According to Lincoln's data, the typical luxury buyer is not buying as many items as in the past, but is spending more money on the things they do buy. They're also wine-drinking technology lovers with a taste for new clothes, as well as new cars and SUVs.
The three top features on a car, according to Lincoln's luxury buyer model, are "premium amenities," "total sales experience," and "innovative technology."
We are compelled to point out that "total sales experience" isn't an automotive feature. It's not on any spec sheet. It's not part of an equipment package.
That total sales experience does tie into the top three elements Lincoln is looking to cultivate in its dealerships, however: a concierge-style sales experience; seamless purchasing online and in-person; and 24/7 customer service.
The three most important characteristics in luxury goods purchases, per Lincoln, are "superior craftsmanship," "superior quality materials," and "superior customer experience."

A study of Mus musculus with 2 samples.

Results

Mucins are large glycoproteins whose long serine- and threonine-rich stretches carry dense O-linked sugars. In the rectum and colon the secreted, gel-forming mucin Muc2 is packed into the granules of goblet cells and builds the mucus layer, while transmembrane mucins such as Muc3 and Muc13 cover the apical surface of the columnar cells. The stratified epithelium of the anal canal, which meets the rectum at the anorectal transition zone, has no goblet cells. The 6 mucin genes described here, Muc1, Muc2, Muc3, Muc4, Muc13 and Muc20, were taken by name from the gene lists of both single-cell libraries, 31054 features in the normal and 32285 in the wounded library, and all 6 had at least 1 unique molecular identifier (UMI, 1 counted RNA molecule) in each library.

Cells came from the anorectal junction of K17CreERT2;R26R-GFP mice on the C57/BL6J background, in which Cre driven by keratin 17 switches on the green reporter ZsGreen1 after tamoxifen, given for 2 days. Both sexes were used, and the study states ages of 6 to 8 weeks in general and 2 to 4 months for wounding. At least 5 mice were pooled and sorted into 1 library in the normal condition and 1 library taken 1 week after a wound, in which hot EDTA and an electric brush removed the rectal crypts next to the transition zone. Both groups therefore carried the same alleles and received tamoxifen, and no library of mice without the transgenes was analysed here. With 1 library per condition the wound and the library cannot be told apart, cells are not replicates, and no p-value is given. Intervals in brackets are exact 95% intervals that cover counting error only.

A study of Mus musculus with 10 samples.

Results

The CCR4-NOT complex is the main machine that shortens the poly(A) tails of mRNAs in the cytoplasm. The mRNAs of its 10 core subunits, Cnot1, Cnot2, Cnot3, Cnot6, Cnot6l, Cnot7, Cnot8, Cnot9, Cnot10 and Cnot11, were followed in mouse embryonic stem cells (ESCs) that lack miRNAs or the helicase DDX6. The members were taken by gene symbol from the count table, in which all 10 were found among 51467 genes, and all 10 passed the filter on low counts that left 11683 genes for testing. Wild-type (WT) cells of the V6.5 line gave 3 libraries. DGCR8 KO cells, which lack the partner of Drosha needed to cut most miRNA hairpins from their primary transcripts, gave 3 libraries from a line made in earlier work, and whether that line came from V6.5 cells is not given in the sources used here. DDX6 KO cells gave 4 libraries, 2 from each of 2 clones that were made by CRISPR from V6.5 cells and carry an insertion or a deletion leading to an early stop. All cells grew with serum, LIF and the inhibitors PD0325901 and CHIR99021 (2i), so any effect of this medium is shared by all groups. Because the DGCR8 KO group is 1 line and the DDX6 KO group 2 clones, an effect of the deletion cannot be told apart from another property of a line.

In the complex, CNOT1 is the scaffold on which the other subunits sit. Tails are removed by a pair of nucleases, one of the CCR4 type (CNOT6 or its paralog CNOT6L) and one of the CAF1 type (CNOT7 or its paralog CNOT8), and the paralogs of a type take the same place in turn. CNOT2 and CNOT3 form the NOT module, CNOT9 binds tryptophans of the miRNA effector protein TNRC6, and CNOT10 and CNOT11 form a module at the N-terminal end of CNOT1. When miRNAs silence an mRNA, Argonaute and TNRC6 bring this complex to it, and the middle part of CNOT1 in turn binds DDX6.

We can attest to Lincoln's need to address at least the first two elements based on our past experience with the brand's vehicles. With established, proven dealer experiences at competing brands like Lexus, BMW, Mercedes-Benz, and Audi, as well as Cadillac, Lincoln--or any brand--will have a difficult time creating a customer experience that qualifies as "superior."
Interestingly, Lincoln also found that most American luxury buyers would rather spend their money on long-lasting, high-quality cars and products than on lower-quality status symbols. Whether that works for Ford and against Lincoln is open to interpretation.
So, how do you stack up on Lincoln's luxury buyer profile? Does it describe you, or does it confirm you're not part of Lincoln's target audience?